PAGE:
Alex White could have come up with a million excuses for the first loss of his pro career against Lucas Martins in July, but he hasn’t given one. That’s admirable in and of itself, but when you ask him what went wrong that night, he chalks it up to abandoning the fundamentals.
“Basically, I just let my technique go,” he said. “I didn’t stick to the basics, like keeping my hands up. I guess I was having a pissing contest with that guy. I didn’t work any of my ground game or wrestling and really didn’t use my clinch. But I learned my lesson.”
What the 26-year-old doesn’t say is that the aforementioned pissing contest took place because in his heart, he’s a fighter. And when fighters get hit, the first instinct is to hit back. So it went on like that for 12 minutes and eight seconds until Martins got his hand raised by knockout. It was a tough pill to swallow for the Missouri native, but he knows it’s part of the game. As far as his wife Ashley goes, the loss hit a little harder.
“My wife was just about as upset as I was,” he said. “She felt like she lost. I guess she just wanted to make sure I was okay, but it took a toll on her. Now she’s like ‘you need to be in the gym, you need to train harder.’ She doesn’t want to see that happen again, and neither do I.”
Dusting himself off and getting back to work with coach Joe Worden, White is determined to get back in the win column this Saturday against Clay Collard, and to do so, he wants to show off more than just the striking that led him to an 88-second knockout of Estevan Payan in his Octagon debut in April. But primarily, he wants to make sure that the first shot he takes to the jaw doesn’t throw him into a brawl.
“Basically, it’s muscle memory,” he said when asked how he will keep his cool in a firefight. “You have to keep training it. I’ve been trying to get my head down because I’ve noticed – and so has my coach – that I let my head up and that’s a clear opening for me to get punched, so I’ve been trying to keep it down and keep working on my muscle memory.”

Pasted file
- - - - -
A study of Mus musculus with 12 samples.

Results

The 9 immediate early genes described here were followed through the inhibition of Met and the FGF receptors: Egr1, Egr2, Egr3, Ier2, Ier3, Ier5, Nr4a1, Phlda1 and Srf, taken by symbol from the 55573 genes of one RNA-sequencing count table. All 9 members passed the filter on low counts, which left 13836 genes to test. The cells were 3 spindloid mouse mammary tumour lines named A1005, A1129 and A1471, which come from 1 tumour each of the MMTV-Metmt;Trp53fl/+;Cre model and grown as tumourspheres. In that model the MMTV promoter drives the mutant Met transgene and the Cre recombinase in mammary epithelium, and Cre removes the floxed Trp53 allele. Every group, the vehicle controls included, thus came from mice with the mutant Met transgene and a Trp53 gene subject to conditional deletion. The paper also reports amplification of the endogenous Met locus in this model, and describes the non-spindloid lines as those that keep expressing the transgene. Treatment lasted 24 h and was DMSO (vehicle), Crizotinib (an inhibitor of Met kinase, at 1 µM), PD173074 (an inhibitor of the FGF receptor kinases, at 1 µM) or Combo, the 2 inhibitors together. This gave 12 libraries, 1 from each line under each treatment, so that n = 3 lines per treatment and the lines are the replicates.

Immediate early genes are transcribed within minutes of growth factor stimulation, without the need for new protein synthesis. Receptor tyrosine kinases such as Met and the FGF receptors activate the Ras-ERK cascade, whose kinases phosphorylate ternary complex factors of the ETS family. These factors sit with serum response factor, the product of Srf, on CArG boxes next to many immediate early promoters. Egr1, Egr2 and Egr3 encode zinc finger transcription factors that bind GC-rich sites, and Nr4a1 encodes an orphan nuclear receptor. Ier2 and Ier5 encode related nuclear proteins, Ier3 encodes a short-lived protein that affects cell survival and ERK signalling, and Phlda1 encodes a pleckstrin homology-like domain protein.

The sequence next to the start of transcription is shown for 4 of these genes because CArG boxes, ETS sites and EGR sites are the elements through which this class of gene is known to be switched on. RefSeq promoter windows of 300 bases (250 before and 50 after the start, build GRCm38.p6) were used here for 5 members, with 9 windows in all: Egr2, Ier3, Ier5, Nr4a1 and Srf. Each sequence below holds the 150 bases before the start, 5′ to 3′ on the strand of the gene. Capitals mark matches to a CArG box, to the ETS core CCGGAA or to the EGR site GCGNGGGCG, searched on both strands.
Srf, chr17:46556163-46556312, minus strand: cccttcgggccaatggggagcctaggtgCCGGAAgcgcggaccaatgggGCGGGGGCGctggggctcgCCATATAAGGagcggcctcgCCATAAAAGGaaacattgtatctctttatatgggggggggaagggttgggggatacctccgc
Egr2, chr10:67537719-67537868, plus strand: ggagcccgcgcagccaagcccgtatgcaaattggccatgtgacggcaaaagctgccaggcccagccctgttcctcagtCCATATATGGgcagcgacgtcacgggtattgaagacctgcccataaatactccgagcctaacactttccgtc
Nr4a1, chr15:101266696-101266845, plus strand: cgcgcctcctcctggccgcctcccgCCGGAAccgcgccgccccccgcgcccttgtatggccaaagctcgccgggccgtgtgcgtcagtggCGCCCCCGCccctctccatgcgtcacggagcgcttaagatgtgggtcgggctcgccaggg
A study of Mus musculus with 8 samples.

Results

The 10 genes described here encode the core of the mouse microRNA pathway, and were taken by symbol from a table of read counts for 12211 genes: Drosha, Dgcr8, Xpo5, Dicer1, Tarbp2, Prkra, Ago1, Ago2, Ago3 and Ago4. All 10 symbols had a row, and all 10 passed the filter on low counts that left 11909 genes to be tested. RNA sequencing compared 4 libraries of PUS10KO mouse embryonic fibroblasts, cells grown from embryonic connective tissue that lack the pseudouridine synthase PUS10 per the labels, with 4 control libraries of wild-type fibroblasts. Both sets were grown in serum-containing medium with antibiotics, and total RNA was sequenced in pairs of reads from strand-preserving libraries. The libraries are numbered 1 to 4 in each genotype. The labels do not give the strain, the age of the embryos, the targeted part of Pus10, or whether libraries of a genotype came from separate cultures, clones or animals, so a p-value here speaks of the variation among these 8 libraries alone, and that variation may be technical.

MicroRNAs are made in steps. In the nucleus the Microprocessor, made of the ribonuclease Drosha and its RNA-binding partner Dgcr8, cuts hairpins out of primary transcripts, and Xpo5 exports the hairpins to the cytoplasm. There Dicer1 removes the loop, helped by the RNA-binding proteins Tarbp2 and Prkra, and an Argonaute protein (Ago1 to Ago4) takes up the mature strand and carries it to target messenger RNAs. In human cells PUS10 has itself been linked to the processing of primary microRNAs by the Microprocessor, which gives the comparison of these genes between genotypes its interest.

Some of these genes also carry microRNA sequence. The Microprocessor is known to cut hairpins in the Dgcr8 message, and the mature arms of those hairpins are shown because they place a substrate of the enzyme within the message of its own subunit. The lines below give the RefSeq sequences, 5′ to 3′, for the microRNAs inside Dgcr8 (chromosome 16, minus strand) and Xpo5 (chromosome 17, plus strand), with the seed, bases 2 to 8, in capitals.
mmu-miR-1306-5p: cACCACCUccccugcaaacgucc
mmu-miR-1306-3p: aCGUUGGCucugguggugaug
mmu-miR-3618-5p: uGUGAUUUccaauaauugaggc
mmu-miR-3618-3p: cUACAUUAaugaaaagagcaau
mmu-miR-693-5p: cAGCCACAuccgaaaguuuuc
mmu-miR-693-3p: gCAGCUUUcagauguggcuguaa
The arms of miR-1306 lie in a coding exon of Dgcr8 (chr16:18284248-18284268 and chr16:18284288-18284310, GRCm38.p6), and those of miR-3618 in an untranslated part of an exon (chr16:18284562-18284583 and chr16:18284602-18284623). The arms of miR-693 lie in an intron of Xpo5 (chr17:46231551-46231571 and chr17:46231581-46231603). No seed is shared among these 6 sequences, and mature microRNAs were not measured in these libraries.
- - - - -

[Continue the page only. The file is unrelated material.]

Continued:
Against the free-swinging Collard, there’s probably no better opponent for White to test the effectiveness of the work from the last couple months. The Utah native will be throwing strikes early and often, and White is ready for the challenge.
“I know that he’s a stand-up guy and that most of his wins are by knockout, so that will help me work on my technique more,” he said. “Clearly, I don’t want to let my head up and get punched. (Laughs) I don’t want the same thing to happen again. So I think it’s a great fight for me to test that and make sure I have that down.”
As for the other aspects of his fight game, White does have more submissions (five) than knockouts on his record (four), so he’s no slouch on the mat, but with all the attention placed on his Performance of the Night win over Payan, some have forgotten that he can grapple as well. Maybe it’s time for White to remind those folks of that reality.
“Basically, I need to mix my wrestling into it instead of just doing stand-up,” he said. “I’ve got to work my ground game. I guess because that (stand-up) is my safety net. That’s what I’m more comfortable with and I think that’s why I’ve stayed there. So I’ve been trying to focus on wrestling and my clinch game so I can go to that without thinking stand-up is my safety. It (the Martins fight) opened up my eyes.”
You don’t see people so high on a fighter coming off a loss, but that’s the case with White, because the feeling is that after the lessons learned against Martins, he can be even more dangerous when he puts everything together. Having heart and a solid chin adds to his appeal as well.
“I can take a couple hits, so I know that now; not that I want to do it again,” White laughs, and if he can hit and not get hit on Saturday night, a flawless victory in Las Vegas on one of the biggest cards of the year would be a nice feather in his cap. But if he does take a couple, White could be teaming up with Collard for a fight that could steal the show.
“You’ve got two stand-up guys banging it out,” he said. “That’s what everybody wants to see, right? I don’t know if we’ll steal the show, but I think we’ll put on a good show for everybody.”